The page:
We support managers in case of an incident or any suspicious movements in cyberspace. We’re always available on a confidential line and continuously deliver value by becoming a patron in manager’s online presence and constantly taking care of his private IT security by:
We’re familiar with situations, where on clever malware attack aimed at the right person compromised the company’s assets and brought unpleasant consequences. Social engineering scenarios are successfull because cybercriminals tend to use data they intercept and rely heavily on Open Source Intelligence practices. The data they gather is then verified and processed to create the most realistic scenario, that will force the target to perform an action that the malicious hacker wants. Whether it’s about infecting the device, collecting private data or integrating the computer into a botnet - it’s bad. Let’s look at the example of such an attack.
A large organization’s CEO is forced to work after hours because of a big deal, that must be finished. He’s tired so his mind tends to pass the red flags, that would’ve normally been noticed. He receives an e-mail, saying that there are some compromising pictures of his daughter’s vacation, and they’re on her Facebook profile. There’s a link and an attachment containing the photos. He clicks the link and is forced to log in, despite he was logged before. Feeling fatigued, the addictive factor - social media, playing on emotions - father-daughter relations and the threat of putting his reputation into jeopardy combined, make him skip the “red alert process” as he proceeds to log in.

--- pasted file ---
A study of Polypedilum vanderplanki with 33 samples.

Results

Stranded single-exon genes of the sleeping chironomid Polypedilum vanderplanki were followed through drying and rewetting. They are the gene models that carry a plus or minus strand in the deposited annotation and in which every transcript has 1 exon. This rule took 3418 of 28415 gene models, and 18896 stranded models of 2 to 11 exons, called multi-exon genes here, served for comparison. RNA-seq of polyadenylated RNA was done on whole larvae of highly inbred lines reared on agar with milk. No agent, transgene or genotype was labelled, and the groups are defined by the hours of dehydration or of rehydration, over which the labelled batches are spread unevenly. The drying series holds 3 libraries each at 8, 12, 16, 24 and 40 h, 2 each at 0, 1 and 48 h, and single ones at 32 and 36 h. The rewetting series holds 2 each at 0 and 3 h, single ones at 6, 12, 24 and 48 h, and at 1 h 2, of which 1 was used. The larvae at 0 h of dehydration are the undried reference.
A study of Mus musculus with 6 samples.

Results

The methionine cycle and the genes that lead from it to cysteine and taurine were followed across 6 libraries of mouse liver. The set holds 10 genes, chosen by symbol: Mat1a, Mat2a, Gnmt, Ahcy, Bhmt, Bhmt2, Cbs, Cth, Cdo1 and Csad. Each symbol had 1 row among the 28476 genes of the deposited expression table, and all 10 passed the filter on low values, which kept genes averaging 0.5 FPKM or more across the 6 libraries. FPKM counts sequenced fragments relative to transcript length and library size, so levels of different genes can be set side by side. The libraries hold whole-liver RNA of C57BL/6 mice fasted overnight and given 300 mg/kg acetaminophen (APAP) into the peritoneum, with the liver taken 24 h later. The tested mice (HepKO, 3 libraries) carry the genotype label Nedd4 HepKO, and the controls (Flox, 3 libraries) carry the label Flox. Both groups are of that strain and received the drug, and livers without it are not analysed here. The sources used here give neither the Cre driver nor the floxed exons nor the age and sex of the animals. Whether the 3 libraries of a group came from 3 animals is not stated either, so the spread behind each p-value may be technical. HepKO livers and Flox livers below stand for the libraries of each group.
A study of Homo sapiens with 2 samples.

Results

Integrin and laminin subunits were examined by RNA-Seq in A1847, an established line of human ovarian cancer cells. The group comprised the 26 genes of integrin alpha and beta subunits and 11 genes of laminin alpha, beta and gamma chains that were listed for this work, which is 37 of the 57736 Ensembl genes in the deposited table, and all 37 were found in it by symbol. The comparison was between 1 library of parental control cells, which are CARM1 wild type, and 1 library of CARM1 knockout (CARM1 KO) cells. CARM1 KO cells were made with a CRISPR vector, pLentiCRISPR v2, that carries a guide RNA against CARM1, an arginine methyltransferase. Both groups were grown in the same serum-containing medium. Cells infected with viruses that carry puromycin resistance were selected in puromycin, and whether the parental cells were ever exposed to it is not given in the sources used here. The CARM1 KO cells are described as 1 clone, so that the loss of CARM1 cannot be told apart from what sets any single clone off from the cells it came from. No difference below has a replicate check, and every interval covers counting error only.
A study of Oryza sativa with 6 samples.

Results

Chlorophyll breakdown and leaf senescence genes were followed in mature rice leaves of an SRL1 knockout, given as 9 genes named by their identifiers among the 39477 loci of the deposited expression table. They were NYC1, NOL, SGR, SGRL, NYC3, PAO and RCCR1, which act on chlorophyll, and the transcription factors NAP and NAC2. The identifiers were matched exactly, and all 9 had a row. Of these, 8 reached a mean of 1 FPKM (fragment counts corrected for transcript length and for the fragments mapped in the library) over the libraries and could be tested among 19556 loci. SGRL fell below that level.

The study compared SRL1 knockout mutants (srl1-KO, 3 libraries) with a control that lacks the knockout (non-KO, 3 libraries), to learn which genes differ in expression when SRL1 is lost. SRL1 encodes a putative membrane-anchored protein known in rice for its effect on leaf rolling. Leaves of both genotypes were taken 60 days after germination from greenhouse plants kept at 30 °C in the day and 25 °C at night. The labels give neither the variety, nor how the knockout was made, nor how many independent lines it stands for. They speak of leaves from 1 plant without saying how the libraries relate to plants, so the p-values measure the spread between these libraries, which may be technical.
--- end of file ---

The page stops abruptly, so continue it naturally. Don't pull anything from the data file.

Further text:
The Facebook page was, in fact, an exact copy of a real page but created by a cybercriminal to get the password to the CEO’s account. He knows his daughter was on holidays in that time and in that place, but the Facebook page says that the files were deleted, so he downloads the .zip file, to find out what’s all the fuss about. He opens it, tries to open photos, but in fact, the malicious code in the file is being executed and no photos are displayed. Now there are two options:
- the good case scenario where he talks to his technical staff about a problem with MS Office, that can’t open them. This way they can discover the attack, find the malware, nip it in the bud and work on upgrading security procedures
- the bad case scenario, where the CEO assumes he was a victim of a prank and does nothing about it. It gives the malicious hacker time he needs to penetrate the system and steal or encrypt valuable data.